This post was written exclusively for Investing.com.
The stock market has been resilient in the face of the rising trade tensions between the U.S. and China, with the S&P 500 falling about 5% from its May 3 close of 2,945.64. Certainly not a massive decline given all the warnings of economic doom that a potential trade war could have on the U.S., China, and the global economy. Is it the calm before the storm, or will the rising tensions have a much smaller effect than some dread? At this point, with the S&P 500 still trading near its all-time highs, it is hard to get nervous.
Despite the dire proclamations, it seems entirely possible that a trade war may not have a big hit on the U.S. economy. The most obvious reason: the value of the Chinese currency itself, the renminbi, also known as the yuan. Since the trade war started in 2018, the yuan has devalued by as much as 11% versus the dollar. A cheaper currency may very well soften the blow or even neutralize any tariffs imposed on China by the U.S.
Still, investors are nervous a trade war could hurt earnings in the U.S. But even a 4.5% a decline in the S&P 500 estimates forecast by some analysts would leave the S&P 500 trading at 16 times its 2020 estimates, which is below the historical average of one years forward PE of 17 to 18.
China's Secret Weapon: Using Its Currency
Since the trade war started in early 2018, the yuan has weakened against the dollar rising from around 6.25 to around as high as 6.95, quoted as the dollar to the yuan; a rising value indicates a weakening yuan. Additionally, the yuan is not a free-floating currency: the Peoples Bank of China (PBOC) sets a mid-point value every day, and the currency can then trade in a range up or down of as much as 2%.
With control over the direction of its currency, China could easily use the currency as a tool to fight off any tariffs the U.S. imposes, allowing it to devalue versus the dollar. As the currency weakens, U.S. imports from China become cheaper, which in turn helps soften the blows from any tariffs.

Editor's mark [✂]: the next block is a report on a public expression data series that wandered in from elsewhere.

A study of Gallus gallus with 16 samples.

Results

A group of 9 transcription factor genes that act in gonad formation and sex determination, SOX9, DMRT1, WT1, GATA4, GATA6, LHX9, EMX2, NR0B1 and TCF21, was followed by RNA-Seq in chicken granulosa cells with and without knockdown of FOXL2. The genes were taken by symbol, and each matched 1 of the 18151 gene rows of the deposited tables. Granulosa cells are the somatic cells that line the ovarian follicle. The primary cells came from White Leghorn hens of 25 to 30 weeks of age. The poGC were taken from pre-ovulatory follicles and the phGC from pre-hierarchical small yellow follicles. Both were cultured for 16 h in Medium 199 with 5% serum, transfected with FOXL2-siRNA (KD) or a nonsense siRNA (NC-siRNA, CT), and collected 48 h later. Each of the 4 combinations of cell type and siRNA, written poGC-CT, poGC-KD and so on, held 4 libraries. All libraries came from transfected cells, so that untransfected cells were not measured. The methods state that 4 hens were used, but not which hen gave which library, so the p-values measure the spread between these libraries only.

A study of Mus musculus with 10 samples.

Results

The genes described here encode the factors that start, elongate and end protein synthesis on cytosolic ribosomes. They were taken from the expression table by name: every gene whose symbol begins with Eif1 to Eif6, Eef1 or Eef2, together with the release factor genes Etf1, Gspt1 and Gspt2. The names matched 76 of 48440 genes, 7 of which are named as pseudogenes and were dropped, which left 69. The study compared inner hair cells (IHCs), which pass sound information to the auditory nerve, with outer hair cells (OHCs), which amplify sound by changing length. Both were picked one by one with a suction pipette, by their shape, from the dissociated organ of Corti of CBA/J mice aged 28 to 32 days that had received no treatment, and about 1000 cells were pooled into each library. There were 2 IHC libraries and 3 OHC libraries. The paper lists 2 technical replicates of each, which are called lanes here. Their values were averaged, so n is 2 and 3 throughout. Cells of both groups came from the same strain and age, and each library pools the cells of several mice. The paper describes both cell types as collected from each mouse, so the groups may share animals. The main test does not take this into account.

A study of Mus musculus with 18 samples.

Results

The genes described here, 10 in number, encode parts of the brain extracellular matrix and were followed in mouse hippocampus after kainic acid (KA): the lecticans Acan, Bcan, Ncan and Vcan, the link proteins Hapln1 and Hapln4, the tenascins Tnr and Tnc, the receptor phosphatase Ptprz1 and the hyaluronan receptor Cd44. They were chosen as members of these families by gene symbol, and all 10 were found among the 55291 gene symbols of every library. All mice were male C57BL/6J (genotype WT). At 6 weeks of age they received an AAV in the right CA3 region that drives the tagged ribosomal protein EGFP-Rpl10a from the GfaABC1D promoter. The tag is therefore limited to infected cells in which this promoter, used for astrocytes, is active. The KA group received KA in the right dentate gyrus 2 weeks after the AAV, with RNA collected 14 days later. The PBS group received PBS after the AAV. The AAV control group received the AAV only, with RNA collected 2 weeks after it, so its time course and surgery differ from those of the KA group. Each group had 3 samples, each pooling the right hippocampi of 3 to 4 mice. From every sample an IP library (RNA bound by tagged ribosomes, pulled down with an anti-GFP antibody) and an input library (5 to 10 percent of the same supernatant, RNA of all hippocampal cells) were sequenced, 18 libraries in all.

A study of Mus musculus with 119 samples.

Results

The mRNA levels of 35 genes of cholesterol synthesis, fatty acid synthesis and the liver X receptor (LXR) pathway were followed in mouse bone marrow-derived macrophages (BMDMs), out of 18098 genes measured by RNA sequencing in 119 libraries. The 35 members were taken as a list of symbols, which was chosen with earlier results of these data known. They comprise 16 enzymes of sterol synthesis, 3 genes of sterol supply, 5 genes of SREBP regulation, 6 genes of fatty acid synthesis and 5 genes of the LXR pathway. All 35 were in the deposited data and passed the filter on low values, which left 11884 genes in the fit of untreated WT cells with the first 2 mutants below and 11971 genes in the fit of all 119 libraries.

S&P Trading Near the High
Given the broader S&P 500’s pullback to this point, it appears that overall investors aren't overly concerned about a U.S., Chinese, or even global slowdown. A 5% decline off an all-time high isn't massive, especially coming off a rally that had seen the S&P 500 rise by nearly 25% from its December lows, in an almost straight line. Indeed, in a broader context, the recent pullback may be as related to tariff concerns as any natural pause in a rally.
The Australian Market Agrees
When taking it one step further, the Australian stock market appears to agree that the impact of U.S. tariffs isn’t likely to trigger a Chinese slowdown. The S&P/ASX 200 is trading at its highest level since November 2007. Based on data from the World Bank, Australia exports about $95 billion a year of goods to China, more than half of what the U.S. exports to China. Except, Australia has a GDP of about $1.3 trillion, making China a significantly more important trading partner to the Australian economy.
Australia's key export to China is iron ore, a key material for the creation of steel used in construction. A slowing China economy would likely result in less demand for this metal, and that weakness would reflect in the Australian stock market.
At this point, it isn’t clear just how impactful a U.S./China war will be on the global economy or the stock market. Should the trade war linger in the status quo, the markets are suggesting the impact may be small and the current declines may prove to be just a temporary pause in a long-term uptrend for stocks.